Newt’s Not-Even-Close-to-Last Stand
Gingrich has returned to the South to mount yet another comeback.
Photograph by Alex Wong/Getty Images.
CHATTANOOGA, Tenn.—“How many of you are on Facebook?” asks Newt Gingrich.
The crowd, a few hundred people inside a tastefully decorated quadrant of an airline hangar, skews old. There are only a few whoops of excitement, a few shakes of the new Gingrich signs that place the former House speaker’s name on a gas pump.
“Just raise your hand,” says Gingrich.
A few dozen people raise their hands. Success!
“When you get a chance, go to your Facebook page, and put in ‘Newt = $2.50 a gallon.’ That’ll spread, and spread. How many of you are on Twitter? When you get a chance, go to #250gas. That’s a new thing we’ve built on Twitter.”
At every stop today, a charter plane trip through eastern Tennessee on a 45-degree angle, Gingrich has talked up his energy plan. He is as meme-happy as any kid signing up for his first Tumblr. “Newt = $2.50 a gallon” will give him a better Super Tuesday result than all the eggheads predicted. Just look at this hangar: It’s a “great turnout,” just like the turnouts in Knoxville and Kingsport earlier today, just like the Georgia crowds he pulled all last week. Herman Cain, who endorsed Gingrich in Florida—Newt hasn’t won a primary since—gives the crowd an update on his trip to Oklahoma, the supposedly sure-thing Santorum state.
“Newt is surging in Tennessee,” says Cain, who still speaks about twice as loud as anyone else on his stage. “He's surging in Oklahoma. He's surging in a lot of places. We can do this!” Cain goes on to argue that Gingrich can win the Republican nomination because he beat Stage 4 cancer, and anything is possible. “Stay inspired!”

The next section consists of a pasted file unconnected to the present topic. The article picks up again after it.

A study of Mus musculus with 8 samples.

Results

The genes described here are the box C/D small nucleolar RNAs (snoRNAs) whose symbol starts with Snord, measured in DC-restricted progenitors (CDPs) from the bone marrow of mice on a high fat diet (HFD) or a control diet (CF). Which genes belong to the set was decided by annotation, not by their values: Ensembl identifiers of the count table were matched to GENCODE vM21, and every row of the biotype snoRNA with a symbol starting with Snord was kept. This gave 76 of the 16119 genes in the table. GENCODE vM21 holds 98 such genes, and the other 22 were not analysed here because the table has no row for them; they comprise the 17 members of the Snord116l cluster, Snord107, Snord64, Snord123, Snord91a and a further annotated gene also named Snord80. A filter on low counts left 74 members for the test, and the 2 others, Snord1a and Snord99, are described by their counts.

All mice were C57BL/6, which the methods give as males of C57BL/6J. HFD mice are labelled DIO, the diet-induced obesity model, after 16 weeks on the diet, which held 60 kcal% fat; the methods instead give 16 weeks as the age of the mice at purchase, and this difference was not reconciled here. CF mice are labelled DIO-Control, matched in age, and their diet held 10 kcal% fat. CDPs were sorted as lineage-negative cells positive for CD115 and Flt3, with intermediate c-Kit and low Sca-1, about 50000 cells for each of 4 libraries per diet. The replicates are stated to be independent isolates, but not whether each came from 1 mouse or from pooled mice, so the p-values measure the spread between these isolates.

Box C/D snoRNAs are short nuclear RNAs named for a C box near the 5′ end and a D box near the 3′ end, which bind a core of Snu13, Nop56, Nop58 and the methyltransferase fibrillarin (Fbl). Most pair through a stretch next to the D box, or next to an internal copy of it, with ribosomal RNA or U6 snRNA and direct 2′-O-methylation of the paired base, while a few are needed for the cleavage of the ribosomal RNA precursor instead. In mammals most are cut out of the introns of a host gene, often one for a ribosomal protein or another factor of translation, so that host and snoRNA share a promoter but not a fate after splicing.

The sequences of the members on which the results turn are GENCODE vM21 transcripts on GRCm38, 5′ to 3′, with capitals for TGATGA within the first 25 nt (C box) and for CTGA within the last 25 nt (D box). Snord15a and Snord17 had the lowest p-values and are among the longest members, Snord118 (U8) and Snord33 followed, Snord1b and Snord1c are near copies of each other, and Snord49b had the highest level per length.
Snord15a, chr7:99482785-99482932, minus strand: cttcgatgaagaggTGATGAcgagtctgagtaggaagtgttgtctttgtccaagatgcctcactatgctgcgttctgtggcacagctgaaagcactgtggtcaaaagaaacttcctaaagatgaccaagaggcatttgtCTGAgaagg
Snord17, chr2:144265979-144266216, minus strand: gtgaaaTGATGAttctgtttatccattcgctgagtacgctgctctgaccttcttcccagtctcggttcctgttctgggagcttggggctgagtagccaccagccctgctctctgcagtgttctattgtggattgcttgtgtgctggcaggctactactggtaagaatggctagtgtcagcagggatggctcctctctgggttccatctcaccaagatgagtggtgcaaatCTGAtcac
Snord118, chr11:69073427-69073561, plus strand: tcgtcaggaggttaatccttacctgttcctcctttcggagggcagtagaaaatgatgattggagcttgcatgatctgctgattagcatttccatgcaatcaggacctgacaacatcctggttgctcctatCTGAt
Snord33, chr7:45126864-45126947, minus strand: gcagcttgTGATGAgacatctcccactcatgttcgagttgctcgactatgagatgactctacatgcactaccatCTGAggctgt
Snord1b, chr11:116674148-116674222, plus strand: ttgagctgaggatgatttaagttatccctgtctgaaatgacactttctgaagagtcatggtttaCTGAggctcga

I’ve seen losing campaigns before, and this doesn’t feel like one. Technically, Gingrich isn’t really losing. Republican voters will start awarding 437 delegates today. Georgia voters control 72 of those delegates. They will award most of them to Gingrich, who represented some arriviste northwest Atlanta suburbs for 20 years, who campaigned here when Romney and Santorum were in Michigan. Neither of them can take Georgia away from Gingrich. Only Romney even made a recent stop here, serving pancakes at a Sunday event, notable because he avoided saying anything off-putting about his massive wealth.
So the Gingrich voter is staying put. “I want him to stay in until he wins,” says Esther Taj, a retiree trying to get Gingrich’s signature on her campaign sign. “The media’s been rough on him from the beginning. Of course they’re saying he should drop out.”
Matt Brown, a cement salesman, holds out a guitar for Gingrich to sign. He’d brought it to another Gingrich appearance, but forgot the silver Sharpie that really shows up on the black wood. The Sharpie made it with him this time. “It’s like NASCAR,” says Brown. “I’m in it until the race is over. No pit stops. Can you imagine if he wins Tennessee? I was looking at the polls on the way over here. He’s tied.”
David Weigel is a Slate political reporter. You can reach him at firstname.lastname@example.org, or tweet at him @daveweigel.